My world is being driven through Port au Prince, at break neck speeds, in chaotic traffic, in the heat, and the dust, and the crush of humanity and wisdom and grace, and so yes, suppose it is just about right that my world is a bit shaken up tonight.
I keep trying to just write out what I think, but the truth is: I don’t know what I think.
Right now, my hands are opened, my eyes are opened, and even still, something in me wants to clench my fists, and just go to sleep.
So. Haiti: Beautiful. Chaotic. Overwhelming. Kind. Warm. Gentle. Joyful. Suffering. Perseverance. Guts. Horror. Graceful. And the fact that a place, and a people, exist in the midst of all of these things, at once, is something like a testimony, something like a prophetic call, and something so beautiful, it breathes.
When I first saw Haiti, deep emerald deforested mountains rising out of the blue water, I was peeking out of an airplane window in an unasked-for first class upgrade, three rows behind Presidente Martelly, and the irony of this was not lost on me. As the plane approached, there was no familiar patchwork quilt of roads and farmland, of suburbs and street lights, this was a raggle-taggle mish-mash of homes and dirt, nothing predictable which I took as a hint, and then we landed. There were white birds sitting on the tops of the palm trees, like candles, and I slammed into a wall of equatorial heat. The cacophony of new sounds and new sights and new smells, the strangeness, blared. (I wanted to turn around and go home.)
We spent part of today having hard discussions about relief, international development, aid work, orphan care and prevention, all of the gigantic snarl of issues and mess and problems. We were beside a cheerful church, in the home of a local artist who created his own business, based on a micro-finance loan. Now his work is shown in galleries, and he provides for his son, and builds homes for other families. I think that micro-finance is empowering, I saw Richard, and I think he matters.
Can I just say this, too? I need to say it: I’m so proud of the Church. So proud of the people of God, of the people of the Gospel. You know how I have gone, in the last few years, from being ashamed to call myself a Christian, eschewing even the title, to feeling like I am part of something beautiful, and holy, and communal. But The Bride of Christ has never looked lovelier to me than she did today, from my spot on the stones, sitting in Richard’s home, because the Gospel is at this intersection of it all this truth and reality and hope and grief, it’s social and it’s spiritual and it’s physical.
I went to a hillside covered with school children, all because of the work of local Haitian leaders and pastors (Help One Now supports their work, preferring to keep Westerners in the background, empowering Haitians to lead). A trio of little gap-toothed little girls gathered close to me, and they told me, through a translator, that they knew I was a mama. You know, I am most vulnerable about one part of my body: my baby-belly (three Bessey babies in 4 and a half years will do that to a girl), it’s the part of myself I want to hide and camouflage, but these girls, they rubbed my belly, and burrowed there, kissing it, they said, “you must be a mama” and the truth is yes, I’m marked as a mama, I know this, it shows, and it makes me soft, and I started to laugh because, well, what a joy.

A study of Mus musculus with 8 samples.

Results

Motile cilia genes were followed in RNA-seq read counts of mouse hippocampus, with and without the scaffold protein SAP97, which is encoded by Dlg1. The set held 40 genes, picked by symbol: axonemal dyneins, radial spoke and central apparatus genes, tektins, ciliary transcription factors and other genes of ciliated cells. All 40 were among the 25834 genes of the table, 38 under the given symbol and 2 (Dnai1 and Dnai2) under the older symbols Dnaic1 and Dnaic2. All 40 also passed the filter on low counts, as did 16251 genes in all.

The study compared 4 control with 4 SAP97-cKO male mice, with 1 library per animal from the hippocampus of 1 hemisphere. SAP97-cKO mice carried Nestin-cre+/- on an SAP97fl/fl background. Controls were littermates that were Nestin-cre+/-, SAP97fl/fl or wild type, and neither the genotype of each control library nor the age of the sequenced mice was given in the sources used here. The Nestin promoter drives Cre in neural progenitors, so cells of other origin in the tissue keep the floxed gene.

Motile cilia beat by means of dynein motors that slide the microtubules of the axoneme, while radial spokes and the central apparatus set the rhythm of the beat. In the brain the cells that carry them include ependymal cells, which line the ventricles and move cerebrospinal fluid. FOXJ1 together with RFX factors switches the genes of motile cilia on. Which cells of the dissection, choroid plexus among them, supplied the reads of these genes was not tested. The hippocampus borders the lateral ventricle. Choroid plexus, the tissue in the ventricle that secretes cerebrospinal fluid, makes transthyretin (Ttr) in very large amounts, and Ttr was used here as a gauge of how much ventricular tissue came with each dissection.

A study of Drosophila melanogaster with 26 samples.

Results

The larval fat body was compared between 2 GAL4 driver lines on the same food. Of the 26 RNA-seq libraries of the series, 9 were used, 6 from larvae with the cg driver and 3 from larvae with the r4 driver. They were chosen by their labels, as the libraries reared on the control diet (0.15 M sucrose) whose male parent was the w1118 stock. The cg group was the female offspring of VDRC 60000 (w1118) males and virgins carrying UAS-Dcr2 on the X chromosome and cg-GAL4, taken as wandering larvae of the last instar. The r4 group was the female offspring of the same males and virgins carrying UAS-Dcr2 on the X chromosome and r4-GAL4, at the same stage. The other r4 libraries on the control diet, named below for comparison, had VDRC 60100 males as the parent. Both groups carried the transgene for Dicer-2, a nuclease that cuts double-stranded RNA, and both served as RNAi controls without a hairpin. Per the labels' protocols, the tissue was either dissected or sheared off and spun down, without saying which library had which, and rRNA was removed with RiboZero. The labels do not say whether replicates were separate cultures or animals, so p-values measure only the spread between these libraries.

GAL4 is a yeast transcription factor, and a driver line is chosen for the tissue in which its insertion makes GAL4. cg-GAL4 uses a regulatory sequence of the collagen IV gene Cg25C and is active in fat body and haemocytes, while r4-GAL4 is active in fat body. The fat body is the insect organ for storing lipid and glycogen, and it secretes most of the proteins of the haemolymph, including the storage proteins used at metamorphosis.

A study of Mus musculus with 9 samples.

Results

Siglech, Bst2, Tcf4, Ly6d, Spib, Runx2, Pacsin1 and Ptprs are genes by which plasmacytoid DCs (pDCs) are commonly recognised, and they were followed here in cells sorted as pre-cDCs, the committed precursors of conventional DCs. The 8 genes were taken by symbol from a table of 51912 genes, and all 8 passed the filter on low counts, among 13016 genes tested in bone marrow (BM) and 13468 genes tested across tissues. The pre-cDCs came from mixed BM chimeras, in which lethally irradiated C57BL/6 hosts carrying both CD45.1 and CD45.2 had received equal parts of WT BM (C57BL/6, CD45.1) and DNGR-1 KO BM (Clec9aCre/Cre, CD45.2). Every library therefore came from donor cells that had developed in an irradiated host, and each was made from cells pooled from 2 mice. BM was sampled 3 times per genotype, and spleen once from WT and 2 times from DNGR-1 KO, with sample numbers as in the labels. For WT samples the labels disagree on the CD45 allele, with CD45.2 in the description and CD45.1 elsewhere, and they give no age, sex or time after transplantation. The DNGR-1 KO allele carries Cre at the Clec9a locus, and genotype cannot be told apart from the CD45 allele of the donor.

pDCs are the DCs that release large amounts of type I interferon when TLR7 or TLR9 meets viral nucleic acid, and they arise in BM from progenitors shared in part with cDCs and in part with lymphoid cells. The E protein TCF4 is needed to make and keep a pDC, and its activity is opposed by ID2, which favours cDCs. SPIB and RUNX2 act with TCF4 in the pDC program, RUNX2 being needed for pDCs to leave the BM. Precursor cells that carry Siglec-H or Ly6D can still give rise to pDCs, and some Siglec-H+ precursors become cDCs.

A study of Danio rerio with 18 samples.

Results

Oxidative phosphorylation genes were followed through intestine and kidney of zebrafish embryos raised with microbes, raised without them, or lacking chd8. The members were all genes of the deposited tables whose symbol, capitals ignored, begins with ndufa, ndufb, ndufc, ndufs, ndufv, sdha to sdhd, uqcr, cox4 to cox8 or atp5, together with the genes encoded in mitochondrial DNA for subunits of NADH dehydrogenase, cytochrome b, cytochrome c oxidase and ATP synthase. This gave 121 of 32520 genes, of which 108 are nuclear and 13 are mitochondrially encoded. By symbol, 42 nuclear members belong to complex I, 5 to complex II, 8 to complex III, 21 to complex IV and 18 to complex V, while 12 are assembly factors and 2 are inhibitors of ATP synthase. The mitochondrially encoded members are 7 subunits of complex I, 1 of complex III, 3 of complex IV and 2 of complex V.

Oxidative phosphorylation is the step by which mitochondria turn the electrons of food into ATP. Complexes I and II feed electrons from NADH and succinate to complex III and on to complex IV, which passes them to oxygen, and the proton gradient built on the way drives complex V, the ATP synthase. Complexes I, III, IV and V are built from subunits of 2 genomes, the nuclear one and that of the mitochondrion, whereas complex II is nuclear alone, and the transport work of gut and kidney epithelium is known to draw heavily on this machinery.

Then we had more hard conversations about how vulnerable Haitian children, particularly orphans, are to being trafficked as slaves. They talked about how children are stolen, loaded up and driven over the borders, or to the ports, and then they are gone, and I could not bear to think of this evil, I had to stop listening.
This may mean I am a coward, but I still cannot think of it.
I felt angry at the main tent city. Angry with God, angry with the world, angry with my own self, how is this place even possible in our world, in 2012? I could not bear the smell, the sights, the truth of this place, and I saw babies the age of my tinies there, naked, hollering HEY YOU snapping sass, and all of my carefully reasoned understandings about how everyone has a different calling and some of us are just called to different things than poverty relief and caring for orphans stank rank like heresy.
I walked the rubble, and nodded my gentle Bonsoir as dusk gathered, and suddenly I thought, Oh, my God, I would be terrified here. I would be so scared here, in the darkness, how do these women bear it? And one of our guides said, before the spotlights were installed a few months ago, the night fell and it was “a rape camp.” Grim words.
And then we stood in the tent city, behind our Haitian brothers and sisters, and they sang the roof off that place, glory, glory, glory to God, he’s been good to us! Amen! Amen! Me? I want to throw things when I am disappointed in my nice life, I pout, and I do not sing praise because, apparently, I expect my life to be perfect and clean and ideal and pretty as Pinterest all of the time.
I did not want to cry in this place, out of respect, and so I snuck my tears down my face, and a boy about seven years old asked me to marry him someday. There was a little girl in a blue dress covered with berries, trimmed in red gingham, her hair ribbons saucy and alert, and I wanted to remember her sweet and clean little dress there in the tent city always. I think I got born again, all over again, tonight, and now God smells like sweat, like shit, like charcoal, like pineapples, in addition to my northern lakes and pine trees and clean air and water.
I have no frame of reference for Haiti. I have no simile, no metaphor, but I see God here in Haiti, I do. He just doesn’t look quite the same to me anymore.
Photos courtesy of the talented Austin-based Molly Donovan Burpo.
Instagram photo courtesy of Jen Allred with HelpOne Now. You can follow our Instagram feeds at #Help1Haiti.